Will it still be Zoom workouts in 2031?
Zoom workouts and Joe Wicks’ online PE classes may be some lasting memories of how we got our exercise in 2020, helping us to keep active while being urged to stay at home, but those won’t be a lasting legacy of Covid-19, judging by Sport England’s new 10-year strategy, Uniting the Movement.
The pandemic has reinforced and exacerbated inequalities around income and ethnicity. Sport England – the organisation responsible for distributing funds and overseeing strategy to get more people active in England – has made the drive to tackle the inequalities restricting ability to be active one of the cornerstones of its vision for the future.
Sport and activity are keystones to the nation’s health, well-being and economy in the future, and if Sport England has its way, we can be sure come the future we won’t be standing still.
If Sport England has its way, we can be sure come the future we won’t be standing still
This strategy sets out how lives and communities can be transformed through sport and physical activity and taps into a lot of the work Cycling UK already does, whether through our project work such as the Big Bike Revival or our campaigning to make our street and cityscapes places for people, not motor vehicles.
This strategy comes at the right time, and if its ambitions are delivered could well be the vaccine to that other deadly disease that plagues the UK’s population – not the coronavirus, but inactivity.
Treating inactivity-related illnesses costs the NHS £5.1bn a year and causes around 37,000 preventable premature deaths every year among people aged between 40 and 79.
Unlike the other disease we’re all at risk of, inactivity has a cure that don't we have to wait in line for. The remedy is simple, free and available to us all.
However, with inactivity increasingly embedded into modern life, changing behaviour developed over decades and getting England moving again isn’t a simple task and requires a holistic approach which doesn’t just centre on the sports field but in our communities, our experiences and the environment we live and move through.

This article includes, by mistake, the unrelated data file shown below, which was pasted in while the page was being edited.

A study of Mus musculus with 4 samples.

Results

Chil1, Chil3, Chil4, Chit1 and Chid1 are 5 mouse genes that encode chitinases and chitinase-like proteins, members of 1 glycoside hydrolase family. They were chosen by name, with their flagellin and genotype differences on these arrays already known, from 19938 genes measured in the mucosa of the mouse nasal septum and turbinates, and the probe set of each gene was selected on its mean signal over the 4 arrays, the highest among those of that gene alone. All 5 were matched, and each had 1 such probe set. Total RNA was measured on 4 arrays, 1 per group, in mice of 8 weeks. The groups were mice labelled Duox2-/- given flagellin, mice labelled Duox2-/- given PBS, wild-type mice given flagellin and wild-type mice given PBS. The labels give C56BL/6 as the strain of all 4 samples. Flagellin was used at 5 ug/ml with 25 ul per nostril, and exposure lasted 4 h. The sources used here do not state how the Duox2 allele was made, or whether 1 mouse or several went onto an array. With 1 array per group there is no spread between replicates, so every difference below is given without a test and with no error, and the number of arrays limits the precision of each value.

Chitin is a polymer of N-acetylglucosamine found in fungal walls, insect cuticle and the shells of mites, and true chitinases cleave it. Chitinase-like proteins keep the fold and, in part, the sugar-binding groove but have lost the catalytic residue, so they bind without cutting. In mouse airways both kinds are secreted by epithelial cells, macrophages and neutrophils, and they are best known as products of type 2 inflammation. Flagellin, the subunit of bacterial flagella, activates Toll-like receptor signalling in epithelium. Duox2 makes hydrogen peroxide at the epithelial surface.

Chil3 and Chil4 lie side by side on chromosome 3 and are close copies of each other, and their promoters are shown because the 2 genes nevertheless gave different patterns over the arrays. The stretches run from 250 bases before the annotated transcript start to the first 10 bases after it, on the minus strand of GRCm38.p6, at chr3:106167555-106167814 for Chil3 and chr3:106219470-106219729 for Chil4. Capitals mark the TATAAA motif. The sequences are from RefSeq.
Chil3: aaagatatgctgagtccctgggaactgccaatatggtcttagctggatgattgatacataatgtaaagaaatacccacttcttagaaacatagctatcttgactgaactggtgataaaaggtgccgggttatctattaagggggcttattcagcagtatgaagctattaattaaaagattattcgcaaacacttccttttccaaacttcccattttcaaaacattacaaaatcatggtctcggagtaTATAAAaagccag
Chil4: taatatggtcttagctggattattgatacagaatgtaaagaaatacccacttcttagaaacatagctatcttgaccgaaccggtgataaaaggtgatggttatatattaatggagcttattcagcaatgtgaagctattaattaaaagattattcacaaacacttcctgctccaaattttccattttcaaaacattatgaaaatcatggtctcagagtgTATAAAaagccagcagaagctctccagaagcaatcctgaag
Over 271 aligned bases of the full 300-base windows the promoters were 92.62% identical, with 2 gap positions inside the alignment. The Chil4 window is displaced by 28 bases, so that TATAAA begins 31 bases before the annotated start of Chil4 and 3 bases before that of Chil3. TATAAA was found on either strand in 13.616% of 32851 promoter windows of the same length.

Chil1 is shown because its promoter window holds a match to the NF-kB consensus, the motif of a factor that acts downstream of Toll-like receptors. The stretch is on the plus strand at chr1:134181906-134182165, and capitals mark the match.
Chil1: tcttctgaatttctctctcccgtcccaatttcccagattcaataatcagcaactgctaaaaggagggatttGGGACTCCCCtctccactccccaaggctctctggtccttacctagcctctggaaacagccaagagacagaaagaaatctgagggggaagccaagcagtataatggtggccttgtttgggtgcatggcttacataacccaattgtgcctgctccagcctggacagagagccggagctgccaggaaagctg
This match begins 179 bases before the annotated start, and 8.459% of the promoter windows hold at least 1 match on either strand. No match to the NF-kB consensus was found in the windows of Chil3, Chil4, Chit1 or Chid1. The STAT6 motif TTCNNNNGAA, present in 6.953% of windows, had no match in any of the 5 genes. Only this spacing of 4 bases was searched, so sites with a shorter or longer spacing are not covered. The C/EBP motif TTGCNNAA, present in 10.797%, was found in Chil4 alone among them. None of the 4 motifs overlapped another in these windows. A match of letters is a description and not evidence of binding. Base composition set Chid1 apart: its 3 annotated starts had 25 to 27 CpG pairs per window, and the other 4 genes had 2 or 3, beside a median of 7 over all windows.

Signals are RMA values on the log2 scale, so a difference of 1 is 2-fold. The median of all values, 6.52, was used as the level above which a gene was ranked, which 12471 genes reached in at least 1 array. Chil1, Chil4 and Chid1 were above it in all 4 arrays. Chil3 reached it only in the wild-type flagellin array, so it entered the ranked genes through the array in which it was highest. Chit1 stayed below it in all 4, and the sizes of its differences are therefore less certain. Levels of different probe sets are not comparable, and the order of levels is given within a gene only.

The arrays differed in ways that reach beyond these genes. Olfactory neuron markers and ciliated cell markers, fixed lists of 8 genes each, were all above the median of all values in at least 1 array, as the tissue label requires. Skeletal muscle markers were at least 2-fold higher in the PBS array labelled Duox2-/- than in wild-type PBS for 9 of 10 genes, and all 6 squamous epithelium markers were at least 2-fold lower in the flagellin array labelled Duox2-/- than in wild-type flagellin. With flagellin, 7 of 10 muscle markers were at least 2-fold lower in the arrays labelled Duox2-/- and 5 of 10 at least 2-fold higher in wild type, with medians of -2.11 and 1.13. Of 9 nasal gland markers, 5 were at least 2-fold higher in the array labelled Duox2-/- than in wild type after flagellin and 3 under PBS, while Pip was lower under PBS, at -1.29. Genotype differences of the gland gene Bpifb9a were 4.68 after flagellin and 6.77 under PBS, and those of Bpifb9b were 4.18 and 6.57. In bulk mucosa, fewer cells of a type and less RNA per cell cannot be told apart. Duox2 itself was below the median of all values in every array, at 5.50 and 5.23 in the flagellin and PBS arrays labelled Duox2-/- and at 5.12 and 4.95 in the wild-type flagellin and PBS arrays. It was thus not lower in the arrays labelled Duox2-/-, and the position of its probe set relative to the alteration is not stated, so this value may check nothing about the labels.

Changing behaviour developed over decades and getting England moving again isn’t a simple task and requires a holistic approach which doesn’t just centre on the sports field
Fortunately, that’s exactly what the Sport England strategy looks to do. It identifies five key points which need to be tackled to achieve real change and increase opportunities to be physically active, and in each of them cycling and Cycling UK can play a key role:
- recover and reinvent
- connect communities
- provide positive experiences for children and young people
- connect health and well-being
- ensure active environments
Looking at each of these points, its clear cycling has a role to play.
As the UK’s national cycling charity, our projects like the Big Bike Revival and Community Cycle Clubs have been all about connecting and building communities through local cycle hubs.
With the multiple lockdowns we have endured, we have had to adapt constantly, not just to the changing circumstances but also to make sure the work we do is relevant and inclusive.
For many people, cycling is tied up with joyful memories as a child: first learning to ride and discovering the freedom it brings. From work on projects such as Play Together on Pedals in Glasgow and SE Scotland to our support with the Bikeability programme, and the way our clubs and members introduce cycling to the next generation, so much of our work, whether we realise it or not, is building foundations for the future.
And at a time when daily exercise is often our only release, building on the positive experiences families have had through cycling and spending time outdoors has shown the real connection there is between our physical and mental well-being.
However, for all these benefits to realise their full potential, we need to make the country a safe and welcoming place, and ensure we don’t design out opportunities to cycle or walk from the start.
For too long, when a new housing development or commercial centre was built, it was common practice to omit or drop facilities that made walking or cycling easier. If these developments are centred on making it easier to drive and remove active options, then the government cannot be surprised if people take the path of least resistance and choose cars, with the consequence that inactivity blooms.
That has to change. And it is so encouraging seeing Sport England recognise this very issue, which has been at the forefront of Cycling UK’s campaigning on for so long. It can only spell good things for our future – not just cycling but for the country’s health, economy and environment.
For it shows that now, right at the very top of decision-making, there is recognition that to change the way we live and move – to level up the country to borrow the buzz phrase – then there needs to be collaboration across government, non-governmental organisations and charities, including Cycling UK.
It was precisely the point made by our chief executive, Sarah Michell, last week when she gave evidence to the House of Lords select committee on sport and recreation – collaboration is key to a better future.
And with Sport England’s new strategy, it’s a future we’re keen to help make a reality.